Epstein-Barr Virus but Not Cytomegalovirus Latency Accelerates the Decay of Childhood Measles and Rubella Vaccine Responses-A 10-Year Follow-up of a Swedish Birth Cohort.

Wednesday, 24th of January 2018 Print

Front Immunol. 2017 Dec 21;8:1865. doi: 10.3389/fimmu.2017.01865. eCollection 2017.

Epstein-Barr Virus but Not Cytomegalovirus Latency Accelerates the Decay of Childhood Measles and Rubella Vaccine Responses-A 10-Year Follow-up of a Swedish Birth Cohort.

Lasaviciute G1 Björkander S1 Carvalho-Queiroz C1 Hed Myrberg I2 Nussbaum B1 Nilsson C3 Bemark M4 Nilsson A2 Sverremark-Ekström E1 Saghafian-Hedengren S2.


Background:

Epstein-Barr virus (EBV) and cytomegalovirus (CMV) are ubiquitous and persistent herpesviruses commonly acquired during childhood. Both viruses have a significant impact on the immune system especially through mediating the establishment of cellular immunity which keeps these viruses under control for life. Far less is known about how these viruses influence B-cell responses.

Objectives:

To evaluate the impact of latent EBV and CMV infection on rubella- and measles-specific antibody responses as well as on the B-cell compartment in a prospective birth cohort followed during the first 10 years of life.

Methods:

IgG titers against rubella and measles vaccines were measured in plasma obtained from the same donors at 2 5 and 10 years of age. Peripheral B-cell subsets were evaluated ex vivo at 2 and 5 years of age. Factors related to optimal B-cell responses including IL-21 and CXCL13 levels in plasma were measured at all-time points.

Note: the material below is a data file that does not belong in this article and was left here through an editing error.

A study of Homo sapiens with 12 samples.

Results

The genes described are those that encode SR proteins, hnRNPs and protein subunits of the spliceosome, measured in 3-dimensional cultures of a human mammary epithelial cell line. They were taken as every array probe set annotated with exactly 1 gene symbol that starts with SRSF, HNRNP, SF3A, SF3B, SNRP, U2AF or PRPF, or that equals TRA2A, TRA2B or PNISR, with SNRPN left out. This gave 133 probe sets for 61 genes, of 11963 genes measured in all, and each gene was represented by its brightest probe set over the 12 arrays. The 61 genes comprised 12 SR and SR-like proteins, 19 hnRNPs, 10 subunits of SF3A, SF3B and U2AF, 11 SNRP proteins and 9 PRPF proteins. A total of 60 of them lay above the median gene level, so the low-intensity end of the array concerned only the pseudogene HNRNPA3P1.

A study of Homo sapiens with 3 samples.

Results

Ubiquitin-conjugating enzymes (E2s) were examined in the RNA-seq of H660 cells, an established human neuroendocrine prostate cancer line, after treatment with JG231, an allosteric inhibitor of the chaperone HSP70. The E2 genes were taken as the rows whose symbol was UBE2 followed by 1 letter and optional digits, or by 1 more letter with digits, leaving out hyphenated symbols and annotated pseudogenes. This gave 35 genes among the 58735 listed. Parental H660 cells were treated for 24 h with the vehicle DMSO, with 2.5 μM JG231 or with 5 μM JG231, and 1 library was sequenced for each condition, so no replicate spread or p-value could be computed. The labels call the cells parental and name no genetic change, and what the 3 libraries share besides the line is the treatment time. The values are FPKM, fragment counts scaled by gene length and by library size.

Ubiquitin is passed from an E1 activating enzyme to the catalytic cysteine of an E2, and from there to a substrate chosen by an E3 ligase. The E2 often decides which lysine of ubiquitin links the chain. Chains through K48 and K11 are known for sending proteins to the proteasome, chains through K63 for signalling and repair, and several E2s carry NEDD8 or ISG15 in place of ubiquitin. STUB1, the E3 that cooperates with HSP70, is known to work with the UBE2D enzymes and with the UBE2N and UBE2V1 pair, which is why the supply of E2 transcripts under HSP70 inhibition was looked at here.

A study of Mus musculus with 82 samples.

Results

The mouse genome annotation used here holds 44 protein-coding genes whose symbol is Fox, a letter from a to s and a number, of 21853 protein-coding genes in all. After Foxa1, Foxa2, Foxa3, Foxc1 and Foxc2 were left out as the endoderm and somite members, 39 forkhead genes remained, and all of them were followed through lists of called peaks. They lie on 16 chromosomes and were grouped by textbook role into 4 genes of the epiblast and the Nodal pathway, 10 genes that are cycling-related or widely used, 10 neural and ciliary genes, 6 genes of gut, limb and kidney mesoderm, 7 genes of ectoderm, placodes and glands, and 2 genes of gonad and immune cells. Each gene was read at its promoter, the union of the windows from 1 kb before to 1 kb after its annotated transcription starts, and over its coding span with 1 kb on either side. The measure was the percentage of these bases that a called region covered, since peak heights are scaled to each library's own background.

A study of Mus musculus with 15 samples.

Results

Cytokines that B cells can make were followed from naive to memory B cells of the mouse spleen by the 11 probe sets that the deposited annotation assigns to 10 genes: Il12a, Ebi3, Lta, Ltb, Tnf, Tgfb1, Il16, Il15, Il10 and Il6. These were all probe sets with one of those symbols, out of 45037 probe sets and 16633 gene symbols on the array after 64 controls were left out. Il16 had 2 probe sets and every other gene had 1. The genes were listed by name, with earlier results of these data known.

Results:

EBV carriage in the absence of CMV associated with an accelerated decline of rubella and measles-specific IgG levels (p = 0.003 and p = 0.019 respectively linear mixed model analysis) while CMV carriage in the absence of EBV associated with delayed IgG decay over time for rubella (p = 0.034). At 5 years of age EBV but not CMV latency associated with a lower percentage of plasmablasts but higher IL-21 levels in the circulation.

Conclusion:

Our findings suggest that EBV carriage in the absence of CMV influences the B-cell compartment and the dynamics of antibody responses over time during steady state in the otherwise healthy host.